There’s at least one good thing about having had a slow cold-stun stranding period on the Cape—fewer dead sea turtles washed up on our beaches, which means–we hope– that fewer turtles died overall. That’s especially important since the turtles that strand here in the fall are federally listed as “critically endangered” or “threatened” species. The 2019 season saw just under 300 turtles come ashore.
However, since the record cold-stun season in 2014 when over 1200 turtles stranded, sea turtle researchers from around the world have had a special opportunity. Juvenile Kemp’s ridleys, the majority of the turtles that strand on the Cape in the fall, aren’t typically seen in large numbers, and the chance to examine the turtles that don’t survive does not occur anywhere else in the world.
Among the researchers the sanctuary assisted recently was a team from Auburn University who set up shop in our wet lab for a week to look for blood flukes in Kemp’s ridley carcasses. Blood flukes are parasitic trematodes or flatworms known to cause disease in some sea turtle species.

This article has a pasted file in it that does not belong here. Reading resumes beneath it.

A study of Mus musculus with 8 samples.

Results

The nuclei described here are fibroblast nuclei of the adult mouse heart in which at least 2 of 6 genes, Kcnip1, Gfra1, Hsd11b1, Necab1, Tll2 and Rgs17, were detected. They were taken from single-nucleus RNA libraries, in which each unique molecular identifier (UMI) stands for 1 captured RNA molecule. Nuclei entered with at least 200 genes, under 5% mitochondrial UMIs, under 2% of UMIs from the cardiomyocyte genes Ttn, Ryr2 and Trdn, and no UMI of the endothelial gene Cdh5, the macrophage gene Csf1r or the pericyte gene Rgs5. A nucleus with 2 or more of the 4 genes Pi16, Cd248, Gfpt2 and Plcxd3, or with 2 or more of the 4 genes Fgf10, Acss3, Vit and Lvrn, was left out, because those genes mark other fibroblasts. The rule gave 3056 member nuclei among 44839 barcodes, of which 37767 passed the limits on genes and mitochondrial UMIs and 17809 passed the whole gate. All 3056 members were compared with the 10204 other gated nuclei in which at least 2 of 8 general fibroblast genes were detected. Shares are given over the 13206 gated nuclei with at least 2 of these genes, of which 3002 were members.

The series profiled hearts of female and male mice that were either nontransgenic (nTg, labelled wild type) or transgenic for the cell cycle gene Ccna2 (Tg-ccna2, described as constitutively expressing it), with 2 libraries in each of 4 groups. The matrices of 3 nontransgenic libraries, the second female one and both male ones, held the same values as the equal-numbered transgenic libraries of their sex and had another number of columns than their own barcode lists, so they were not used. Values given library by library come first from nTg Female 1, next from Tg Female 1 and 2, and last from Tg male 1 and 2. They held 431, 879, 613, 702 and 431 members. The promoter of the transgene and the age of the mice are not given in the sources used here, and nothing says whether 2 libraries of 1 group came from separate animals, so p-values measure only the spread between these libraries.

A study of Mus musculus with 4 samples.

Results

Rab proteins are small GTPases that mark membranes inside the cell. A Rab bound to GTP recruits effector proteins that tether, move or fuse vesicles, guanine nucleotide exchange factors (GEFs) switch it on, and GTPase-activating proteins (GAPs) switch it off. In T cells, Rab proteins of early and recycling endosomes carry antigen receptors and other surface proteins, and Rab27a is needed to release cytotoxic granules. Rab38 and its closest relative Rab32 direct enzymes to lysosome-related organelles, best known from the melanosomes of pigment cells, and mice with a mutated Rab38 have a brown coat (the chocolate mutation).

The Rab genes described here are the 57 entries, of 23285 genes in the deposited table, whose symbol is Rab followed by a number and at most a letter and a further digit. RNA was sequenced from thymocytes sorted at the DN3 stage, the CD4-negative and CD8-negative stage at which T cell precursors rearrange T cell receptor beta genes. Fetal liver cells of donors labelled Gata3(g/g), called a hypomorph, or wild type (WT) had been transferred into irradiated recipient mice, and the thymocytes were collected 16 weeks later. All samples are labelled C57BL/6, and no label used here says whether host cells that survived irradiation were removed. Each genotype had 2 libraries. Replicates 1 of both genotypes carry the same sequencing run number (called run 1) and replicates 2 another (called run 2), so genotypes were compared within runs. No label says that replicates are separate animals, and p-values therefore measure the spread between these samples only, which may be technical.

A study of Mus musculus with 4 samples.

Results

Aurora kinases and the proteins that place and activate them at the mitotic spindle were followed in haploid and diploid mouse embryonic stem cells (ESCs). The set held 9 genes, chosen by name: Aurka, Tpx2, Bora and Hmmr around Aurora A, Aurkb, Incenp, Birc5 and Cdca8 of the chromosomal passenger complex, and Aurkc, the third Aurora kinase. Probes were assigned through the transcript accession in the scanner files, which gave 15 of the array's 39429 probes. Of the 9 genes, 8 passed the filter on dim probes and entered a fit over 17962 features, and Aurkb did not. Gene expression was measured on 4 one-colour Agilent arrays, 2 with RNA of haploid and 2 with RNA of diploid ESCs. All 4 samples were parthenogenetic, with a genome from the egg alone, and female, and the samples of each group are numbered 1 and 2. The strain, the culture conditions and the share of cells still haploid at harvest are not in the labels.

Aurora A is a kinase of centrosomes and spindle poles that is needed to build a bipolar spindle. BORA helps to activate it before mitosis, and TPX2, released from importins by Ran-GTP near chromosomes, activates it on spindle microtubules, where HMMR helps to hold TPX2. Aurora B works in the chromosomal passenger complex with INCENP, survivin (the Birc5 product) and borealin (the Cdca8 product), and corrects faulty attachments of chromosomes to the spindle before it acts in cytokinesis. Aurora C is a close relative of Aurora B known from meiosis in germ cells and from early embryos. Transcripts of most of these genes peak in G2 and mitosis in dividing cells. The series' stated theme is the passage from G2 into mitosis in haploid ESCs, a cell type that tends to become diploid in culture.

The sanctuary’s sea turtle staff regularly collects tissue and other samples for scientists elsewhere throughout the cold-stun season. The post-season necropsies at Woods Hole Oceanographic Institution, however, provide an unparalleled opportunity for a number of outside researchers to collect samples for a number of permitted, innovative sea turtle research projects. Most winters, we schedule about a half dozen necropsy sessions. This year, we’re planning only two.
Wellfleet Bay staff and their outside research colleagues are dedicated to making the most of every dead turtle. This dedication, coupled with the relative scarcity of carcasses this year, means that some scientists have been attending our high school turtle necropsies to collect samples, which has allowed students to observe professional researchers at work.
Dr. Heather Haas, of the National Oceanic and Atmospheric Administration’s Northeast Fisheries Science Center in Woods Hole, joined a sanctuary staff sea turtle necropsy session at Monomoy High School to collect bone and soft tissue samples for a new study which, it’s hoped, will lead to a non-invasive way to sex and age live sea turtles. Dr. Samir Patel, of Coonamessett Farm Foundation, joined sanctuary staff and Nauset High School students to take swabs for determining the bacterial microbiome of ridleys.
“The cold-stun sea turtle phenomenon isn’t only a great story about people coming to the rescue of turtles,” says Sea Turtle Stranding Coordinator Karen Dourdeville. “It’s also allowed Wellfleet Bay to facilitate important conservation research and to interact with scientists around the world. This year, some local high school students have been able to watch this science in person as they participated in necropsies in their biology classes.
Thanks to Wellfleet Bay Sea Turtle Stranding Coordinator Karen Dourdeville for contributing to this post.